Tánaiste Micheál Martin has accused Sinn Féin of “playing politics” with the housing crisis through their attempt to extend the eviction ban.
Speaking to Newstalk on his way into the Cabinet meeting on Tuesday morning, Mr Martin said there were “definitive votes” on the eviction ban last week and pointed out that Sinn Féin agrees the eviction ban should not be permanent.
The Sinn Féin stance would see the eviction ban issue kicked further down the road, he claimed.
Labour and Sinn Féin are ramping up pressure on the Government for allowing the eviction ban to expire by forcing two further Dáil votes as a result of the controversial decision.
With the Coalition’s official Dáil majority down to just one TD, the Opposition is seeking to chip away at the support it often gets from Independent TDs.
The Labour Party has tabled a motion of no confidence in the Government, while Sinn Féin has proposed legislation that would see the eviction ban extended into 2024.
The Government decided earlier this month to allow the ban to expire from the end of March, though protections will remain in place for some renters until mid-June.
Mr Martin said: “Sinn Féin themselves are saying there shouldn’t be an indefinite eviction ban so I think what they are doing is playing politics with the issue. They themselves are saying the decision we took now, they say, they would take in January. They also acknowledge you can’t transform the situation in a number of months.”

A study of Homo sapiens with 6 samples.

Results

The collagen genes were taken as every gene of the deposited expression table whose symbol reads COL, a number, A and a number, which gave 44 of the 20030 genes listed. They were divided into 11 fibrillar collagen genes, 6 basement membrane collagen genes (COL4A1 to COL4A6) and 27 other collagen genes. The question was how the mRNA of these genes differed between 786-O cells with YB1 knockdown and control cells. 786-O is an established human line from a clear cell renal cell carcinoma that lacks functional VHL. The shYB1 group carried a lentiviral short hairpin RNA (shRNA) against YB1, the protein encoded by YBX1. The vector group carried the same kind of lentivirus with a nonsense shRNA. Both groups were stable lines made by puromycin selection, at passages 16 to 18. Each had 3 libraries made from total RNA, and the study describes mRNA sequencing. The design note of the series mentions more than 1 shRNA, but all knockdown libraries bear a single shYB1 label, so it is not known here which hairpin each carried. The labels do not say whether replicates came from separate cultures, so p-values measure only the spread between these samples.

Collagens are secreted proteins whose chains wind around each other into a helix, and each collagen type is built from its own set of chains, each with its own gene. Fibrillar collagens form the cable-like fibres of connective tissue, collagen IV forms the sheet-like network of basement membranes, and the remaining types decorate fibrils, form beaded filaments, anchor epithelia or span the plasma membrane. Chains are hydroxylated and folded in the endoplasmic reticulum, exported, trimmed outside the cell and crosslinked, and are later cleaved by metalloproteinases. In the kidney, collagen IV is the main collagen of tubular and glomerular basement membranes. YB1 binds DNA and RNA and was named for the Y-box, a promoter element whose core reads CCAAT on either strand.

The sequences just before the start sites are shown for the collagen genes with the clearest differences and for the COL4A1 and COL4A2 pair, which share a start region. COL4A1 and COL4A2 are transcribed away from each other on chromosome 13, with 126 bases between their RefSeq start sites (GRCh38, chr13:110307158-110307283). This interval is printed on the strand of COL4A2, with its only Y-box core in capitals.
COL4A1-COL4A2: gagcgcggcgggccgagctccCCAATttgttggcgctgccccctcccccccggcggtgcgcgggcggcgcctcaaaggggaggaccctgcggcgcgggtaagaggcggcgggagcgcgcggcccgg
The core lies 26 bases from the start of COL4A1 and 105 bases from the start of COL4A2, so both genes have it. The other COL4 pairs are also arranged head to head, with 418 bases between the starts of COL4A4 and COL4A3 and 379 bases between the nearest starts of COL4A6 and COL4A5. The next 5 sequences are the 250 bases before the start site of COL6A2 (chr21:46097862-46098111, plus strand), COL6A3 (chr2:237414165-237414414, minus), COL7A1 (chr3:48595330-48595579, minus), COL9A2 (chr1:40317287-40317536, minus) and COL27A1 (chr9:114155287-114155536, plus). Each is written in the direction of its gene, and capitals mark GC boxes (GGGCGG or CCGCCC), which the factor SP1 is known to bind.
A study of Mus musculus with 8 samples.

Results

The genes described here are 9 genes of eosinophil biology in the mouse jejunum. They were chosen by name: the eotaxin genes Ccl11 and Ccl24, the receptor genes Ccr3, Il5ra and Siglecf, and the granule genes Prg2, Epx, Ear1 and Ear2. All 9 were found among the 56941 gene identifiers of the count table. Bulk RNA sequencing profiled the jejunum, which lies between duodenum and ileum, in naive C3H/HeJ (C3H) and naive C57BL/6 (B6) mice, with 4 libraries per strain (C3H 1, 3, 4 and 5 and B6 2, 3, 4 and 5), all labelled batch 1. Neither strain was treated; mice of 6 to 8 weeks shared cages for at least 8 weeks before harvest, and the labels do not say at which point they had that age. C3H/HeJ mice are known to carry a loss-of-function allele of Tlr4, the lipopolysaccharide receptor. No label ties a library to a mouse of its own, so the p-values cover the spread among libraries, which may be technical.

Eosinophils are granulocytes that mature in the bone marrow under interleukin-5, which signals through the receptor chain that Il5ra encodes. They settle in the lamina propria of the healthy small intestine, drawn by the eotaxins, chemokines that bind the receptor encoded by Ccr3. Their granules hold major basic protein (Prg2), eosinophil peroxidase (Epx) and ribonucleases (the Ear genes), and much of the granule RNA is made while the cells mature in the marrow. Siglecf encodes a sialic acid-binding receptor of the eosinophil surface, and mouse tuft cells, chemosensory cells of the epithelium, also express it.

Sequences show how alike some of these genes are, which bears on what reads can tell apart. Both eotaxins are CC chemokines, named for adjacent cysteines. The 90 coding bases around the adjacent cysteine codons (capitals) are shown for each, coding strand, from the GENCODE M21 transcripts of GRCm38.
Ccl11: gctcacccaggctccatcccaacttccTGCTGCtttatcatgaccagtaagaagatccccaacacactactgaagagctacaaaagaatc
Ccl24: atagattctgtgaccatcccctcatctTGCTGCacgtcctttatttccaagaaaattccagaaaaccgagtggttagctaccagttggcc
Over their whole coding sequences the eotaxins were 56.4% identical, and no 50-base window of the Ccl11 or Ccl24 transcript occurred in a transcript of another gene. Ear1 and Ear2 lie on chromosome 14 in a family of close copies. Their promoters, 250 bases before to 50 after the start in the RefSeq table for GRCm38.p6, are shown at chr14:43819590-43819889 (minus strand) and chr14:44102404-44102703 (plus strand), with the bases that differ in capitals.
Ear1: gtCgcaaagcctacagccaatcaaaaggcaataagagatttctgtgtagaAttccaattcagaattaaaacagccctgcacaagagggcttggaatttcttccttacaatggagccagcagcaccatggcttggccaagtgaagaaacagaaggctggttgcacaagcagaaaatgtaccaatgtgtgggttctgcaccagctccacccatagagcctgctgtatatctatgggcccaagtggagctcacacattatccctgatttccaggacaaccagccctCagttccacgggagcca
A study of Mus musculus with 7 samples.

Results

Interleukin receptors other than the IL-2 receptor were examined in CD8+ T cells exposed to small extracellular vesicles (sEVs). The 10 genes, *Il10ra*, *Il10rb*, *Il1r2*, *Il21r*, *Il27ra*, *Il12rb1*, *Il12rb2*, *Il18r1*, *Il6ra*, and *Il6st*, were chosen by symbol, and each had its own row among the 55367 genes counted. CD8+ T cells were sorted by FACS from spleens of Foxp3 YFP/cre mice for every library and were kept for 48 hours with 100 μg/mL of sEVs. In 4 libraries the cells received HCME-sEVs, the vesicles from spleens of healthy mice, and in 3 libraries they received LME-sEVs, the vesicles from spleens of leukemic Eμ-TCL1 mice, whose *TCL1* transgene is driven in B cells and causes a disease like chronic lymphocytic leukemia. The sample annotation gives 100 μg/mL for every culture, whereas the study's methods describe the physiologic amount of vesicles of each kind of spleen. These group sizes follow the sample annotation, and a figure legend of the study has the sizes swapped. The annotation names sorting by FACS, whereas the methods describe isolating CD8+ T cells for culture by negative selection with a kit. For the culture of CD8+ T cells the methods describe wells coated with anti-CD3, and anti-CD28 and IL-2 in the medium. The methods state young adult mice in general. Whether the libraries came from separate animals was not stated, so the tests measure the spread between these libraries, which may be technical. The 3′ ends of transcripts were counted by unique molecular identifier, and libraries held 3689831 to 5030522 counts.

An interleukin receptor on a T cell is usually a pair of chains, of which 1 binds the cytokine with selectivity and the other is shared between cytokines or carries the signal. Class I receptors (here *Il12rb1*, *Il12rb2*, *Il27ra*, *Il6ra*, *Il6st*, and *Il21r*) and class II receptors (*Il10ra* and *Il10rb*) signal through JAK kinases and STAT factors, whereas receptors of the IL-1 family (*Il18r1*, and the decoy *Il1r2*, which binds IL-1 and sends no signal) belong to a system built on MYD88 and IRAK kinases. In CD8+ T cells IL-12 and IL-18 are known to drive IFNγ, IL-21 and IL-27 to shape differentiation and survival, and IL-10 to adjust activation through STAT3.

The Government’s only motivation was to, “maintain the existing level of properties that are in the market for rent but also attract more into the market.”
Officials were continuing efforts to speed up the supply of housing and were looking at, “modern methods of construction to see if we can increase that and build houses more rapidly.”
The Dáil had dealt with the eviction ban in “definitive votes” last week, he said.
“My own view is that the Opposition will do what an Opposition feels it has to do but Government must remain focused on the issues and making a difference for people out there on the ground.”
The Dáil will see two votes on Wednesday, the first in the morning on a Coalition confidence motion in response to the Labour bid to unseat it, and the second vote on the Sinn Féin Bill that evening.